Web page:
Shares bid and offer price

Q: Could you explain to me why there is such a large difference between the bid and offer price of shares at the beginning and end of a trading day?

A: At the beginning and end of every trading day, there is usually a significant disparity in the prices being offered by buyers and sellers of shares. The prices are typically much greater or lower than the indicative opening or closing price shown on your screen. However, when the opening or closing trades go through, many of those orders have been filled and a significant volume of shares may have traded.

A ‘Bid’ is the price that a buyer offers when they want to purchase shares. The ‘Offer’ or ‘Ask’ price, is the price that a seller is willing to sell their shares. During trading hours, bids and offers will typically ‘meet’ one another and result in the share trade being executed.

Whilst buyers and sellers are able execute trades immediately at the prevailing market price when the ASX is open, there are two important periods where ‘auctions’ dictate the price that buyers and sellers will receive when a trade is executed. One is the first 10 minutes of the trading session and the other is the final 10 minutes of the trading day. An auction can also occur under a third scenario if a company resumes trading after a trading halt.

During the opening and closing ASX auctions, all bids and offers are matched up and the overlapping volume will be traded. The process for this involves a formula that weighs up the total volume on the buy side against the total volume on the sell side to calculate the mid-point price, referred to as the ‘match’ or ‘auction’ price for all shares sold.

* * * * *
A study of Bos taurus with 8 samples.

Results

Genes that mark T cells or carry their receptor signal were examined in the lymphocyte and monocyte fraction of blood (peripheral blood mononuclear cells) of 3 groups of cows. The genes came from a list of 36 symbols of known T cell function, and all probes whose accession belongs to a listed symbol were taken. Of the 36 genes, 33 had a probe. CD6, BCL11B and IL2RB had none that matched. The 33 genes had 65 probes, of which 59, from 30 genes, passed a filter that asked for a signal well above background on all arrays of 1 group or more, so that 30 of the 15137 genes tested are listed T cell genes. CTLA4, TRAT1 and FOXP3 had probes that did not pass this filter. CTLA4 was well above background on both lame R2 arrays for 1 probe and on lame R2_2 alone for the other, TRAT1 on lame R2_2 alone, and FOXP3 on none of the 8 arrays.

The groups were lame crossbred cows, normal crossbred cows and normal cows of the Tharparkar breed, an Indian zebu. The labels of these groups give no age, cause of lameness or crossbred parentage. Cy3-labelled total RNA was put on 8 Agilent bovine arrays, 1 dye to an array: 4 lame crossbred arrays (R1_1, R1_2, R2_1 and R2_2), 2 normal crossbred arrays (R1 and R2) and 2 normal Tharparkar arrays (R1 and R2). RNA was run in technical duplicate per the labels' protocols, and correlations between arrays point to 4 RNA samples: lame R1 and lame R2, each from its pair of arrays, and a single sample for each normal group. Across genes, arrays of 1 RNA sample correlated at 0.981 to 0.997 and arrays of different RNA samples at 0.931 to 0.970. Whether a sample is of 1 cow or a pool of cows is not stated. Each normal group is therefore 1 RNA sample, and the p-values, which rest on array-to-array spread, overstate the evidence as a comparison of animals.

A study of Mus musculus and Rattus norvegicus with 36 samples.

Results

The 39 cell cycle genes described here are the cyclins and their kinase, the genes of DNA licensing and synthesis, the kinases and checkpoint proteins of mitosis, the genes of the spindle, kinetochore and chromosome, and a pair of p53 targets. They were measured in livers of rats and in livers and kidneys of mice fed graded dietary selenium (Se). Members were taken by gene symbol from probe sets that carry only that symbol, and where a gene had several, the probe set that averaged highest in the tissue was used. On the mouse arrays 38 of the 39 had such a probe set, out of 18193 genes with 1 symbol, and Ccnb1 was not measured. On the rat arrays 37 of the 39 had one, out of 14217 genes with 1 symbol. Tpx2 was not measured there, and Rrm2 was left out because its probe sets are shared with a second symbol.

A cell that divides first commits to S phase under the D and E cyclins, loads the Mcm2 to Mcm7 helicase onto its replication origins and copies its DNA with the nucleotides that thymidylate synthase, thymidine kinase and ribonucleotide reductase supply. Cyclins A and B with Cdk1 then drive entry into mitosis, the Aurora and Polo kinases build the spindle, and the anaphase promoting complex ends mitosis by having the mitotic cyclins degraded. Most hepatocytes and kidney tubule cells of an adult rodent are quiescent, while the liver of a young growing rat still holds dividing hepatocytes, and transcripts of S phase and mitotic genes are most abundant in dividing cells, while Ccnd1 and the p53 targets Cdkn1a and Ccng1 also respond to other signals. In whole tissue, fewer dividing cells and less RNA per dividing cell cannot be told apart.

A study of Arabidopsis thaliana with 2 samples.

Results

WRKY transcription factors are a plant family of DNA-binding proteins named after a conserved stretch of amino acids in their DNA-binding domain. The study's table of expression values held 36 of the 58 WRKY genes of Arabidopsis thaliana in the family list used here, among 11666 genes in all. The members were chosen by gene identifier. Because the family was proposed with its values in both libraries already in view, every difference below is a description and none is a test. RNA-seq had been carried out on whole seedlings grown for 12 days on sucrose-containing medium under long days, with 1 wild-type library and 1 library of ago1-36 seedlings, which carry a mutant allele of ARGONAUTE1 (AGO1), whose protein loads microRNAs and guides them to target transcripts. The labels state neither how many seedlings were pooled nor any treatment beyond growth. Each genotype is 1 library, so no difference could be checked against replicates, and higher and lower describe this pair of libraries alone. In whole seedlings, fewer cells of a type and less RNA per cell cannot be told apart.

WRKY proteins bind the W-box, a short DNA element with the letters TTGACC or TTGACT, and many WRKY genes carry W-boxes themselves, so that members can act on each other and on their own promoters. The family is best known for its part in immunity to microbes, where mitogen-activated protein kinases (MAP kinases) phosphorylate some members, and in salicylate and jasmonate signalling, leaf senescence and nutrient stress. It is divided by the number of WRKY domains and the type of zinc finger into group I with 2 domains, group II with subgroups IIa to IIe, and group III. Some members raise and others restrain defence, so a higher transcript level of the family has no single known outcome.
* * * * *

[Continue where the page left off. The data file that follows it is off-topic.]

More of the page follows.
The ASX market opens at 10am Sydney time, normal trading commences on a staggered basis according to their ASX code in alphabetical order. The first 10 minutes serve as the first auction period. Bids and offers may be submitted from 7 am and are queued in order of placement and price with the oldest offer having priority.

At 4pm Sydney time, the market will move into a second 10 minute auction period, beginning with a period called the pre Closing Single Price Auction (CSPA). This period allows orders to be placed, amended or cancelled. However, no trades will be executed until a random time between 4:10pm and 4:12pm, the CSPA takes place.

If there are no bids that meet the offer price of sellers, then no shares will be traded. If a buyer lifts their bid price to meet the offer price, then the trade will be done at the ask price. Likewise if a seller reduces their offer price to meet the highest bid price, the bid price is the price at which a trade will be executed.

Traders will bid for stock at a higher price than the indicative opening or closing price, or offer to sell stock at a price that is well below the expected auction price because of the way the overlapping volume is matched. These traders are at the front of their respective ‘queues’, which means that their bid or offer is executed first. Due to the formula, the trade may not occur at the price they have submitted but rather at the overlapping match price.

Whether you should place your bid or offer above or below the indicative auction price will depend upon how keen you are to buy or sell your shares.

If being at the front of the queue matters, priority is always given to those who ‘bid’ the highest or ‘ask’ the lowest. Even if you have an order first in the queue at a particular price, you could miss out on a trade because someone else who was prepared to bid a higher price or offer a lower price, despite the match price being the price you nominated.